The bastard slipped his lead.
He saw something in the distance and sprang into the air like a salmon, somehow unhooked his head from his collar (which I was told was impossible, incidentally) and made off at startling speed towards what looked (to him and, I’ll admit, to me) like a rabbit.
It was only that Yorkshire Terrier and now I have to pay for its ear to be sewn back on and have completely skewered my chances with that attractive man, who is not quite so attractive when sobbing over a limp, small dog.
“You’re not supposed to let him off the lead,” Peony remarked when I got back.
“You look as a white as a sheet, dear,” contributed Mother.
They were watching one of those infomercials about hair removal that fill the gap before the movies start on Film Four.
“I don’t remember wanting this stupid bloody hound,” I complained to their vacant faces. “And yet here I am walking it several times a day and nobody, not one of you, takes a turn. You wanted him, you walk him.”
Ken Tray had his muzzle in Peony’s crotch by now and Mother was leaning over from her armchair and petting him like he was her son.
Speaking of which. “Where’s Charlton?” I demanded. “He can do the afternoon walk.”
My daughter kept her eyes on the screen. “He’s at the 24-hour bowling marathon, remember. Mum, you just need a bit of common sense with a greyhound. They’ve been bred to chase. He can’t help himself.”
“I would offer, you know that,” whimpers Mother. “But what about my condition? What if I collapsed in the middle of the park and there was no one there to help me? We can’t take that risk.”
And of course, there’s nothing I’m allowed to say to that, though what I want to say is: “Oh shut up with your threats of collapsing. I’ve never seen you collapse in your entire sedentary life. You’ve never even collapsed into tears. One day I’m going to go to the hospital and ask if they got your tests mixed up and gave you the results of someone who was actually ill.”
“I’ll cut his bloody legs off,” I muttered as I left them to it.
Connie arrived an hour later. When I opened the door to her she was standing beside a huge cardboard box.
“I’ve got that thing for Peony she wanted,” said my friend.
“What thing?” I asked as she shoved it over the threshold.
“It’s a flat pack so don’t be fooled by this compact box.”
“This box is not compact,” I said as I moved aside to let her kick it violently along.
“Charlton home?” she asked, looking up a moment from her labour.
I didn’t answer her (that’s my policy from hereon – simply ignoring her enquiries) but called Peony instead.
“Oh soo-perb,” she exclaimed. “Thanks so much, Con. Do you mind kicking it all the way upstairs?”
“I’m not going to ask,” I told my daughter.
And so she wasn’t inclined to answer. I made a point of not helping them, stung by the insensitivity of my oldest friend and my only child. Seeking permission first to bring things into my house would be a pleasant novelty.
So I had no choice but to rummage about Mother’s terrifying brain for a clue as to what was going on.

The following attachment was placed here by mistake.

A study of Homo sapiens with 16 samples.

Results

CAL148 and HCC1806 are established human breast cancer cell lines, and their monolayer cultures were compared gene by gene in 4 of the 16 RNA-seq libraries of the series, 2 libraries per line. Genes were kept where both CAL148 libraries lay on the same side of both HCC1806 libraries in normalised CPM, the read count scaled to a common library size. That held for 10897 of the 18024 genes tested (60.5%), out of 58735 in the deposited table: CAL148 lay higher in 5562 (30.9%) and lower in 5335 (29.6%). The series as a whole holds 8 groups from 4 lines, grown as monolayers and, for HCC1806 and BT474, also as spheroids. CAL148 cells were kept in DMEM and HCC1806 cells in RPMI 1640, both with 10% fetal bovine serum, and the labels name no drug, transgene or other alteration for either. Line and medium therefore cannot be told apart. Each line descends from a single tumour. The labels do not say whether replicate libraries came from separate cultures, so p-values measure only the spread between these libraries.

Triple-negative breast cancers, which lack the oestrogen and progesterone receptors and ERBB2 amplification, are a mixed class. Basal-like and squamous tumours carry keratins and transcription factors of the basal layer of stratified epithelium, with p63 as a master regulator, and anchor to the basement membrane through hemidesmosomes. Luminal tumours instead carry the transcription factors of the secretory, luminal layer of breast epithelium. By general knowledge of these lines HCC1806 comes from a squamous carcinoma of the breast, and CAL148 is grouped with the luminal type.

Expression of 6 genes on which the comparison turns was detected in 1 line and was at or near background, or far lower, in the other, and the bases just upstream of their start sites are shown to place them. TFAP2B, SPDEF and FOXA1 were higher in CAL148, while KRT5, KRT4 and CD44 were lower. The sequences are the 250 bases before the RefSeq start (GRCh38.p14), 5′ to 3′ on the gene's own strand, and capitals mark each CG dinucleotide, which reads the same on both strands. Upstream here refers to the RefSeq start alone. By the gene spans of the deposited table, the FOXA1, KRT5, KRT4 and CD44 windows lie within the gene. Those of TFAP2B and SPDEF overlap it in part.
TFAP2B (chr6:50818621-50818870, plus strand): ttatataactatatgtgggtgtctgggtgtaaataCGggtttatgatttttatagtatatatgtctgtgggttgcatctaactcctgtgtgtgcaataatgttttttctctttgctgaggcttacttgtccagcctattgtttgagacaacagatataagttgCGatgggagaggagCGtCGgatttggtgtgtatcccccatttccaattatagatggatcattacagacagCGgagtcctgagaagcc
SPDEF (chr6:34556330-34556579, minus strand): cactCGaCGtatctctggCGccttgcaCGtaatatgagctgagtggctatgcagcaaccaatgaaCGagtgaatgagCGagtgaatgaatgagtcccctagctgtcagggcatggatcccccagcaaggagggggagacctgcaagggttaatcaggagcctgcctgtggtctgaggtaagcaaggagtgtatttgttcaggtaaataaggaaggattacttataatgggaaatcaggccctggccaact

I sat down beside her in the armchair only just vacated by Peony.
“She talk to you much, does she? About things?”
“I know about Gilbert, if that’s what you mean.” Was her reply.
I know nothing about Gilbert but I muttered: “Yes, him. Honestly.”
“But I don’t care to ask much,” she sighs and finally she deigns to look away from the telly and straight at me. “When you and your brother were still at home, you both always came to me with all your problems. You were the mewling sort, dear. Always complaining about your lot. I barely had time for your poor brother. Maybe that’s why he’s so lost and rudderless now. But that girl of yours is far more independent. She just comes and goes as she wishes and is always full of such good ideas to help the world along. You don’t get many like her to the pound.”
And though she got that bit about me being mewling totally wrong, I had to admit that there was something rather unique and special about my girl. She has a big heart, that child, and always wants the people around her to be just as carefree. You can’t put her down.
And so I felt a bit mean and small and even contrite as I hovered beside her closed bedroom door later that afternoon and winced at the hammering and swearing coming from the other side.
When she eventually emerged from her bedroom, I pretended I had just been passing with a pile of laundry for the linen cupboard.
“Everything alright?” I asked airily.
“What’s an Allen key?” she grumbled.
I shrugged. “Can I help with anything?”
And there was that smile, that beautiful emerging ray or sunlight. I always lose the power of speech in its captivating warmth.
But I owed it to my dear, good girl to push a little further, to help ease her out from under whatever burden she must be bearing.
“Is it… is it trouble with Gilbert?” I stuttered.
“Gilbert giving you grief?”
“What are you mewling on about, Mum?” she snapped. “Who the hell is Gilbert? Now be a good girl and find me an Allen key, would you?”
And she returned to her bedroom and to the hammering and I darted downstairs to locate her father’s old tool box.